A previously announced plan to extend Army Emergency Relief (AER) eligibility to Army National Guard and Reservists regardless of activation was shelved after the organization's board of directors failed to approve the measure, officials said this week.
Army Emergency Relief provides interest free emergency loans, grants and scholarships to qualifying applicants. Funded by donations and loan repayments, AER is often the first place soldiers in financial trouble turn for help, and it's where a soldiers' chain of command will send him or her in times of crises. Like the other services' financial relief organizations, AER is an important safety net for many families.
To access AER you must be an active duty soldier or dependent, a retiree, a military widow or gold star child, a medical retiree or family member or a Guard or Reservist who has been activated for more than 30 consecutive days.
Army National Guard and Reserve family advocates have long hoped that the system would be extended to non-activated Guard and Reserve members, not just for emergency assistance, but for the scholarships it offers each year. "Weekend warriors" (the biggest misnomer ever, by the way) often face financial hardship due to service thanks to taking unpaid leave from their civilian jobs for drill, annual training, or all of those extra hours that no one talks about or really gets compensated for. Extending AER to them, advocates say, would offer a much needed financial help option.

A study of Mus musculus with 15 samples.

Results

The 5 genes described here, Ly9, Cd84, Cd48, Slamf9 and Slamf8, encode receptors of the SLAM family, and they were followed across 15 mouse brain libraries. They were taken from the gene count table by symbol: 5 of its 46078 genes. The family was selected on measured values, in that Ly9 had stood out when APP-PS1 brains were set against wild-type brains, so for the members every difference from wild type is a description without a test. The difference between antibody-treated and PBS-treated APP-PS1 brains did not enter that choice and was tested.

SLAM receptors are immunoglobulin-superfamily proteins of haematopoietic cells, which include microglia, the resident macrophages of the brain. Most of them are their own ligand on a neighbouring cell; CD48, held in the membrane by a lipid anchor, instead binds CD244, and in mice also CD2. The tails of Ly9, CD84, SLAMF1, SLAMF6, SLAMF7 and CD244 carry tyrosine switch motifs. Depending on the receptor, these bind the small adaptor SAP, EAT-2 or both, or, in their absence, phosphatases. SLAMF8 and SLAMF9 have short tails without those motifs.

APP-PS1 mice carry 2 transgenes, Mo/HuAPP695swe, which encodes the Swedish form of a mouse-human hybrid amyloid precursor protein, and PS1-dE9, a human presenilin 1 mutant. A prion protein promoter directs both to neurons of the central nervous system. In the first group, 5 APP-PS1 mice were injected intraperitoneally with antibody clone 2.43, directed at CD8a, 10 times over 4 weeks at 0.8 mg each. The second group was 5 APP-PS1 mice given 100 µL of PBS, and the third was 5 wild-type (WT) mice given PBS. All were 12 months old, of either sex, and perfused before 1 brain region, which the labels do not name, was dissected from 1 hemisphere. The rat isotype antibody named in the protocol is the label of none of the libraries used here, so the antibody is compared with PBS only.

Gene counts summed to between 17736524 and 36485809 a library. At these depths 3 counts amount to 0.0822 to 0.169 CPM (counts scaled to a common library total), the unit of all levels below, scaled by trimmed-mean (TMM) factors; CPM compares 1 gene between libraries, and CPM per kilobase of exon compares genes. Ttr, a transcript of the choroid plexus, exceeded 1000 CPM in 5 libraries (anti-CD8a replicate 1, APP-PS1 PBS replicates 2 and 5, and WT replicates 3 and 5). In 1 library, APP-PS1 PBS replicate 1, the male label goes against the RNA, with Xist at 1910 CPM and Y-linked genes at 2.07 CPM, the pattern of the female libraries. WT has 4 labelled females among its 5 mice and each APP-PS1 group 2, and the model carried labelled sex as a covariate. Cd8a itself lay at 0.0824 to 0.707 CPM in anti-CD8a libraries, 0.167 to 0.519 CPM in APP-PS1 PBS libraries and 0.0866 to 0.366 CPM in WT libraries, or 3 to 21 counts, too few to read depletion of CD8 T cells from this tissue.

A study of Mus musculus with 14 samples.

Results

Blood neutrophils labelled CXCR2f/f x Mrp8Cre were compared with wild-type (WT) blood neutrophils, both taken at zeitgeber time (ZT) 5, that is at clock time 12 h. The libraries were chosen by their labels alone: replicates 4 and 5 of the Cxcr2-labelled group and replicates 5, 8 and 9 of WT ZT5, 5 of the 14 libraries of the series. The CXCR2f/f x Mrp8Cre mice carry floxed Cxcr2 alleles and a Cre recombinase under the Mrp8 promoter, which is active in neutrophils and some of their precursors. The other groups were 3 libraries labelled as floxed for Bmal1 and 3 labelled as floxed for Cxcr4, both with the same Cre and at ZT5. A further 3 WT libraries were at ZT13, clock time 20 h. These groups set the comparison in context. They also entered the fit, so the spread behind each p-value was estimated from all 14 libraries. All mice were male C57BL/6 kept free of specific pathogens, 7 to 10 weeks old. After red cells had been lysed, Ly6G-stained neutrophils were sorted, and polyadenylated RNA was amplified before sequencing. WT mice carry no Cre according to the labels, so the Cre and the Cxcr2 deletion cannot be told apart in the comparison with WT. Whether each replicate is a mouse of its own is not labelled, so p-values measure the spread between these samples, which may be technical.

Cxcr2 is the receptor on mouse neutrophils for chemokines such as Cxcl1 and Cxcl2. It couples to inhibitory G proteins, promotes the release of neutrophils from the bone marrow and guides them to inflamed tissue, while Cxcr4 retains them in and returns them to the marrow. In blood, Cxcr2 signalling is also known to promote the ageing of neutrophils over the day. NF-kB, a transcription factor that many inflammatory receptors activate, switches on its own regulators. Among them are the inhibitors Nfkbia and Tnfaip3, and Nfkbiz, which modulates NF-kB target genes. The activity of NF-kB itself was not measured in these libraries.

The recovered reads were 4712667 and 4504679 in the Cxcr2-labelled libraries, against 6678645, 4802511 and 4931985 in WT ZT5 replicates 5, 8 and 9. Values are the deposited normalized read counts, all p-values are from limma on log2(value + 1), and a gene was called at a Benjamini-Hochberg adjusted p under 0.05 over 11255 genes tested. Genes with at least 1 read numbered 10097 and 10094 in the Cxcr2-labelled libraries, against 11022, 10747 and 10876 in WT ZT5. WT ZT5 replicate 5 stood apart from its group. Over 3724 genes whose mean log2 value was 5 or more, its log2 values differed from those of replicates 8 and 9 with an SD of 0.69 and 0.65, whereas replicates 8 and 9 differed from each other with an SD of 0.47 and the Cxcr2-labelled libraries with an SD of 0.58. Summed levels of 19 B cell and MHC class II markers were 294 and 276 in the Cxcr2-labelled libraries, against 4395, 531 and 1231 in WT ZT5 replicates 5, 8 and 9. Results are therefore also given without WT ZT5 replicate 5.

And that's why community members were elated to hear plans to do just that at the annual Association of the United States Army conference late last year. Now former AER director, Army retired Lt. Gen. Robert F. Foley, who retired from the organization in January, told listeners that next time they came to the conference they would see Guard and Reserve members listed among those eligible.
But it was not to be, AER officials told me this week. The organization's governing board, made up of retired and current military members and the spouses of the Sgt. Maj. of the Army and the Army Chief of Staff, rejected the proposal.
"Opening a new area of assistance would drive expenses up and income has been down over the past several years," Eldon Mullis, a spokesman for the organization told me this week. "Therefore, as a charity operating from donations, it was not a good business decision."